We reported earlier that America may be preparing to intervene in Mali. In recent months, however, the Nigerian army has been the Great White Hope, so to speak, of those looking for a regional solution to the establishment of a jihadi regime there. The regional bloc known as Ecowas (Economic Community of West African States) had hoped to use the Nigerian army to help drive out militant Islamists from Northeastern Mali, only to find out at the last minute that the force was woefully unprepared. The Guardian has the story:

“The Nigerian army is in a shocking state,” said the source, who has seen recent assessments of Ecowas’s military capability. “In reality there is no way they are capable of forward operations in Mali – their role is more likely to be limited to manning checkpoints and loading trucks.”

“The Nigerian forces lack training and kit, so they simply don’t have the capability to carry out even basic military manoeuvres,” the source added. “They have poor discipline and support. They are more likely to play a behind-the-scenes role in logistics and providing security.”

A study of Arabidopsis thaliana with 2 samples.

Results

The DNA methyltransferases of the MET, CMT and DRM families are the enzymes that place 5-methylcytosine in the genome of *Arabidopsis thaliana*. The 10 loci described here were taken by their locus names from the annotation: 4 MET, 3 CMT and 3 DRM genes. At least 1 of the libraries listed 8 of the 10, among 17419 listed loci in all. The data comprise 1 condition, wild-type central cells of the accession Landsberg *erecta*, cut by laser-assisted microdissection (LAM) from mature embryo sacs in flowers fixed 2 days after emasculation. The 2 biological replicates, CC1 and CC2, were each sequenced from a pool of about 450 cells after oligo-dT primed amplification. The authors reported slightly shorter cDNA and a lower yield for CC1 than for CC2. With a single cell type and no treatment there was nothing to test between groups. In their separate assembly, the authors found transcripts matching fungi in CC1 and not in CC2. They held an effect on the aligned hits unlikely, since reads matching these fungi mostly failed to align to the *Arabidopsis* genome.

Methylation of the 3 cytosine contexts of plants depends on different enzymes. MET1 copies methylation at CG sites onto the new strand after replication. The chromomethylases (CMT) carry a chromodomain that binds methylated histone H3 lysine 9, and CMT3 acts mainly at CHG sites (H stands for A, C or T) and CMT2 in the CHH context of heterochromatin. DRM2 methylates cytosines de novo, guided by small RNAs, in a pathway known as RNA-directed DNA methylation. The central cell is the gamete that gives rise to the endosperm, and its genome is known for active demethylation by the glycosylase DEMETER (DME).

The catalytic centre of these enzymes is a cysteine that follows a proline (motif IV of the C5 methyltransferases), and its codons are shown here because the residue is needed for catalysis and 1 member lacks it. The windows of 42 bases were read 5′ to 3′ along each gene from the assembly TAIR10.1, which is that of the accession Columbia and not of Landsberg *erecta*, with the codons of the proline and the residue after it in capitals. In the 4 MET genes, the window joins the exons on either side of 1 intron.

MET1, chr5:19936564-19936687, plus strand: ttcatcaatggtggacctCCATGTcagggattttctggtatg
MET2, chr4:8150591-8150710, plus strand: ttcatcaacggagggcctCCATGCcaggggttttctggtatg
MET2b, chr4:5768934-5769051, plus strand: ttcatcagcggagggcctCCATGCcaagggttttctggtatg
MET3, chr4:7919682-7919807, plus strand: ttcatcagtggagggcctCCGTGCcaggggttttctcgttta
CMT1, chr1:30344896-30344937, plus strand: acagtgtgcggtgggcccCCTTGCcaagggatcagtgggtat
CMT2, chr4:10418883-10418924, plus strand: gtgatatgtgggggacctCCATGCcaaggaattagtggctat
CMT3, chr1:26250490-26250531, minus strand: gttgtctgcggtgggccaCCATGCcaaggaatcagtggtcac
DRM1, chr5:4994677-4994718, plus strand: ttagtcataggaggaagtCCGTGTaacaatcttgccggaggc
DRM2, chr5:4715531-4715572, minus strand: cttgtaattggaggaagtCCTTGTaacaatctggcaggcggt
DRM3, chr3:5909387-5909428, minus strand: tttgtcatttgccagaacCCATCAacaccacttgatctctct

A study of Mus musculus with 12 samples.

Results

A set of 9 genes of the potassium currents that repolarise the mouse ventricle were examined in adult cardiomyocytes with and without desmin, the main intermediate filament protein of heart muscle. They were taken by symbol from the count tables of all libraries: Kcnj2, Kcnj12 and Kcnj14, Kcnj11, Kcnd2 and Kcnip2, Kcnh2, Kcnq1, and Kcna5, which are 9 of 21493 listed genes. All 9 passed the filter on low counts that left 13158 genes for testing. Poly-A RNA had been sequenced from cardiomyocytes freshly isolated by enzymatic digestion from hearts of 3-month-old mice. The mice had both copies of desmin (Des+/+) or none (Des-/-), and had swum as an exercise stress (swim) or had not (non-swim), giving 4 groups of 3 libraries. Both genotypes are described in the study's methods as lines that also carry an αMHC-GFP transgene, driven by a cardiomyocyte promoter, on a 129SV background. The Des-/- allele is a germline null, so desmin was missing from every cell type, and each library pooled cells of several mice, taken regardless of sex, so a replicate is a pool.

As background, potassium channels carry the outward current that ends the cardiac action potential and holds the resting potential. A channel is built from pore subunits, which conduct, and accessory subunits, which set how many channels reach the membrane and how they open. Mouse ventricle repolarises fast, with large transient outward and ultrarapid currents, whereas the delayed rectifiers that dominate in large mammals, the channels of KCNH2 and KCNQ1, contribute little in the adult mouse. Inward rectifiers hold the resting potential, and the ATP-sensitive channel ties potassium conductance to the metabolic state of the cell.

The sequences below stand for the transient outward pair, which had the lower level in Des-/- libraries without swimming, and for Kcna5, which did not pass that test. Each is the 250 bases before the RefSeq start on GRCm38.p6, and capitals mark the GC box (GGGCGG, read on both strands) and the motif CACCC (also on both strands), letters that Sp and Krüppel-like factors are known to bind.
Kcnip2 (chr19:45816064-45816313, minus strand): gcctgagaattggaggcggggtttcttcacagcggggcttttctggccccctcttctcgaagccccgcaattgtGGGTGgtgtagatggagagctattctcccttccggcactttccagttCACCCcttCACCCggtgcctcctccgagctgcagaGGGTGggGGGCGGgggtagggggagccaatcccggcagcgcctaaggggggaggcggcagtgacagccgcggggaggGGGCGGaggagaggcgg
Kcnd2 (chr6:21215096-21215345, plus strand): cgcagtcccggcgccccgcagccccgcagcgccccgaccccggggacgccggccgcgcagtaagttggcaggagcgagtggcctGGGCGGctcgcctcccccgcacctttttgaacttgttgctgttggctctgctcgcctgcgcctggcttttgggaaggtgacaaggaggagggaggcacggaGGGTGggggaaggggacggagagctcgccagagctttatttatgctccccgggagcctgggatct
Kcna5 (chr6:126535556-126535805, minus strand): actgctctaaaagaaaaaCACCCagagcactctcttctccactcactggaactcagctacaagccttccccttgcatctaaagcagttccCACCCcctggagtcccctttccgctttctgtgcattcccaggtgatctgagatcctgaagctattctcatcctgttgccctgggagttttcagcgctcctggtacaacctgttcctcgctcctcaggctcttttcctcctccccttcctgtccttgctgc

News about the low capacity of Ecowas troops adds increasing pressure on the Malian army, whose lack of training and equipment led directly to the country’s 22 March coup d’etat, which toppled the previous civilian government and allowed al-Qaida-linked Islamists to gain control of the country’s north.

A spokesperson for the Nigerian national security agencies admitted that the army lacked  funding for resources, but claimed it was strong in personnel and training. There’s still some hope that the force can “lead from behind”, managing logistics and security behind the front lines.

Many countries are worried about the growth of a jihadi safe haven in a vast area of Africa that is uncomfortably close to Europe. They were all hoping to shelter behind the Nigerians, but the Nigerians now want to shelter behind other people. Nobody seems to want to go to the front lines, and an unstable Malian government may have to shoulder much of the burden.

Meanwhile, this portrait of the corrupt and incompetent Nigerian army tells us a lot about the future of the fight with Boko Haram. The fever of jihadi radicalism is spreading across parts of Africa where Christian-Muslim relations are already volatile, where governments are weak, poverty endemic, and security forces badly led, underequipped, and poorly paid.

Religious conflict followed by the establishment of large safe zones for terror across north central Africa would be an enormous disaster.